17/02/2011 11:37 | Updated 22 May 2015

glass-of-cola-colouring-linked-with-cancerCould a colouring in cola cause cancer? Photo: Corbis

It's been a bad time lately for cola fans, as the latest health scare suggests a colouring used in both Coca Cola and Pepsi - along with other foods - may be contaminated with cancer-causing chemicals. The news comes just a week after other experts claimed drinking fizzy diet drinks could harm your heart.

The US-based Center for Science in the Public Interest is calling for the colouring agent to be banned, claiming there is clear evidence that the chemicals in question - 2-MI and 2-MI - have caused cancer in laboratory animals. In lab tests, the experts claim, the chemicals have been linked with leukaemia, lung, liver and thyroid cancers.

It's not even as if the additive enhances the flavour of foods and drinks it's used in, the CSPI experts claim, despite being described as 'caramel colouring'.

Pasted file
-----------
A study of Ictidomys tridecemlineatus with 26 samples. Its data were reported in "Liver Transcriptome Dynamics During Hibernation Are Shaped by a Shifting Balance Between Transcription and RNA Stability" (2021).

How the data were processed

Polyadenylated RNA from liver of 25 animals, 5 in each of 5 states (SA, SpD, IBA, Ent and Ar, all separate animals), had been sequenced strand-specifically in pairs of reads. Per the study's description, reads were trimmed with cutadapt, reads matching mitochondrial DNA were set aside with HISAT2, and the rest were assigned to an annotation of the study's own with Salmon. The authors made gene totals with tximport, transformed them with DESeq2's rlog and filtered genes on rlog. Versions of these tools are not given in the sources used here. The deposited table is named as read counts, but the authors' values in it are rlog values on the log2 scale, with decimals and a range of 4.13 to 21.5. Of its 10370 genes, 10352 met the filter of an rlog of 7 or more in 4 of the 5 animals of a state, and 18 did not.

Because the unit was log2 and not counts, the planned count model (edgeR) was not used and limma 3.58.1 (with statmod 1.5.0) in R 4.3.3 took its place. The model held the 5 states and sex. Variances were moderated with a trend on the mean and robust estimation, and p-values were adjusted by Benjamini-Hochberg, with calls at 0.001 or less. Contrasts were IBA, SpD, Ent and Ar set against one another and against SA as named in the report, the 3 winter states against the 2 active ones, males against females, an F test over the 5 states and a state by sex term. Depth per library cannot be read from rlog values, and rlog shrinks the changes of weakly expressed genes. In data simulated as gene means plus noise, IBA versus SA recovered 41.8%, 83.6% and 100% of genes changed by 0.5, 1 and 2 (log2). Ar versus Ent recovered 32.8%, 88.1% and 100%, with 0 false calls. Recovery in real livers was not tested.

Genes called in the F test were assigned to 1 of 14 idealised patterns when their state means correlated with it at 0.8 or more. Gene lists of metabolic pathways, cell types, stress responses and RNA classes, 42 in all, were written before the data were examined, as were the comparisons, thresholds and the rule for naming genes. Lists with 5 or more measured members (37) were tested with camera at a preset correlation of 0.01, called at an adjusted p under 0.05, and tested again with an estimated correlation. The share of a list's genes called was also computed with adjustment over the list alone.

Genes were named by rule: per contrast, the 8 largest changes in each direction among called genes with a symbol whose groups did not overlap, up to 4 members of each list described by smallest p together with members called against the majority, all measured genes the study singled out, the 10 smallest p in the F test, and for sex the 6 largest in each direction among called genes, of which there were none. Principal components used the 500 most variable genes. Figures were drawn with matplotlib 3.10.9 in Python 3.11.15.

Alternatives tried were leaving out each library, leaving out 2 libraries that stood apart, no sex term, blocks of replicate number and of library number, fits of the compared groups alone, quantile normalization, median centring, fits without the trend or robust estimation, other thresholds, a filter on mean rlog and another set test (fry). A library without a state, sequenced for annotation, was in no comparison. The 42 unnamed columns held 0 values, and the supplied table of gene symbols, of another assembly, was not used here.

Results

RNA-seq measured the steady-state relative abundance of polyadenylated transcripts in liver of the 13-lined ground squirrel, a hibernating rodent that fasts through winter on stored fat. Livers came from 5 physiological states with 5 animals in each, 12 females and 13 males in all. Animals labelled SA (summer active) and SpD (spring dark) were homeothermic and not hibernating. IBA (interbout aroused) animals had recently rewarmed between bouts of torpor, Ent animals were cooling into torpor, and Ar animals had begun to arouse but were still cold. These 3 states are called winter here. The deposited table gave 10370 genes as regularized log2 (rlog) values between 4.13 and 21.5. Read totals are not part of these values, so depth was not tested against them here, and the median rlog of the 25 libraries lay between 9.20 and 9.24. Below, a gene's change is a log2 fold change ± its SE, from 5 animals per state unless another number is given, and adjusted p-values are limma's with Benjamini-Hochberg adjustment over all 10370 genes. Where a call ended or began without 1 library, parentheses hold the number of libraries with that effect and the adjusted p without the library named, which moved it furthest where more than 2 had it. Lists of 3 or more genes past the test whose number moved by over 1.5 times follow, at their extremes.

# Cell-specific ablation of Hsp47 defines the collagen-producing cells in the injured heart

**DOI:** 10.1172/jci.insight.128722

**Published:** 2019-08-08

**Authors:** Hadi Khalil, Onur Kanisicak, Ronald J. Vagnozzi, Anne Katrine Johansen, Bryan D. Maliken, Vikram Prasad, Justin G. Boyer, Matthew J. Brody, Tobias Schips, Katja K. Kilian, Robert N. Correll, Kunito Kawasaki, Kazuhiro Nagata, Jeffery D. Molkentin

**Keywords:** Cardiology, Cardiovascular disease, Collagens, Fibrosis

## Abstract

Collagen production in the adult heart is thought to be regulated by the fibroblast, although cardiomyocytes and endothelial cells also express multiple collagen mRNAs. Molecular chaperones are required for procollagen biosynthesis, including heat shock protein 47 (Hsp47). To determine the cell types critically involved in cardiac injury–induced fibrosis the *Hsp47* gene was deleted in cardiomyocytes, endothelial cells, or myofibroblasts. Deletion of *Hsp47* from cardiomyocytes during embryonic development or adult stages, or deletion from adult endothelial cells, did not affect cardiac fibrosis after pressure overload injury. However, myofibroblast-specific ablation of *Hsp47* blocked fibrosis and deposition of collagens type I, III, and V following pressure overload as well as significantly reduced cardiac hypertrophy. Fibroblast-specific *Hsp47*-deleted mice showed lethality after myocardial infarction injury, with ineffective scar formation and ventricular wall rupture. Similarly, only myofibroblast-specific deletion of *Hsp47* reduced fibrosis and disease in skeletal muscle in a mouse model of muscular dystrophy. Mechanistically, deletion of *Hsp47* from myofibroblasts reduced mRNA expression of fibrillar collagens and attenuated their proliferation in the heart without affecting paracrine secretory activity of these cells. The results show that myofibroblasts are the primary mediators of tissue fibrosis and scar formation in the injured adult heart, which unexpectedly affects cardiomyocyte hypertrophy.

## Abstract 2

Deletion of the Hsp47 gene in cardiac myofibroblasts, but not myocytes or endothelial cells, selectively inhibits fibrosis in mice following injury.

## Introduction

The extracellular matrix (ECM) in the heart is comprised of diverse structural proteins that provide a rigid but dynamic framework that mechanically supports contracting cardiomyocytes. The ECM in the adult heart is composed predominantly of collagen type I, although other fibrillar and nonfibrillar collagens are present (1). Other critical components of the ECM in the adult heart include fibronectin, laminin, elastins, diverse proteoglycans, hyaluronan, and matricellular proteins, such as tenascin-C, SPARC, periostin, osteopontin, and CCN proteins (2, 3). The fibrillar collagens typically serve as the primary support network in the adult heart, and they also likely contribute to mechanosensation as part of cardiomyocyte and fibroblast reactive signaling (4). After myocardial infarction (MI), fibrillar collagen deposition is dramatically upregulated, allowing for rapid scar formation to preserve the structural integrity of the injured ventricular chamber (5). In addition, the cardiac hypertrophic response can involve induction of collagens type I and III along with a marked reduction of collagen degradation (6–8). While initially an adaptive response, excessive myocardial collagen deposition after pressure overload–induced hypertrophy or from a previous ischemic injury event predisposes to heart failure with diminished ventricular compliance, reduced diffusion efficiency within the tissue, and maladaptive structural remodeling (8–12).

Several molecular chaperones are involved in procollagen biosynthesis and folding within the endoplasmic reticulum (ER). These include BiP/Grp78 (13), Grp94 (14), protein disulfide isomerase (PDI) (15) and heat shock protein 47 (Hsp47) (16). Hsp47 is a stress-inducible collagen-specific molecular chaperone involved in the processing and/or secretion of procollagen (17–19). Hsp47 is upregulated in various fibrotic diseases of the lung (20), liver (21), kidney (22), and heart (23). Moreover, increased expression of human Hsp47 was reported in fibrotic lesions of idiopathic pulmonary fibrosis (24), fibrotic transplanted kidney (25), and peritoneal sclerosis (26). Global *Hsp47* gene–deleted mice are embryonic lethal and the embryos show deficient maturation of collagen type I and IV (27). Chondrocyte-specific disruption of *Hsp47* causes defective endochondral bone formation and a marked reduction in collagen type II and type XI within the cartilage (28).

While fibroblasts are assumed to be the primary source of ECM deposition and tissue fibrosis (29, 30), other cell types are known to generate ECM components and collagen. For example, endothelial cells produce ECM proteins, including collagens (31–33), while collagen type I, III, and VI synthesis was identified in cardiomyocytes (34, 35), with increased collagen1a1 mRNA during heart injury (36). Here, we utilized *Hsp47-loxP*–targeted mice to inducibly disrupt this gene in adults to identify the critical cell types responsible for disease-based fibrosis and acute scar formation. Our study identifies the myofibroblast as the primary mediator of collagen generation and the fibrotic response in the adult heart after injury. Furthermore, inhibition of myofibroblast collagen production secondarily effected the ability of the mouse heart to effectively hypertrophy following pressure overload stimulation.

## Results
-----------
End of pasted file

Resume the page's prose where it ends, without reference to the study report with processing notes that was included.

"Most people would interpret 'caramel colouring' to mean 'coloured with caramel', but this particular ingredient is a concentrated dark brown mixture of chemicals that simply does not occur in nature," says Michael F Jacobson, CSPI executive director. "Regular caramel isn't healthful, but at least it is not tainted with carcinogens."

On the other hand, the CSPI admitted that the 10 teaspoons of sugar in a can of non-diet soda presents a bigger health risk than the caramel colouring.

Coca-Cola has already reportedly stated that the caramel colouring it uses does not cause cancer, while the American Beverage Association has called the claim a "scare tactic".

But what do you think? Should this colouring - and other artificial additives - be banned?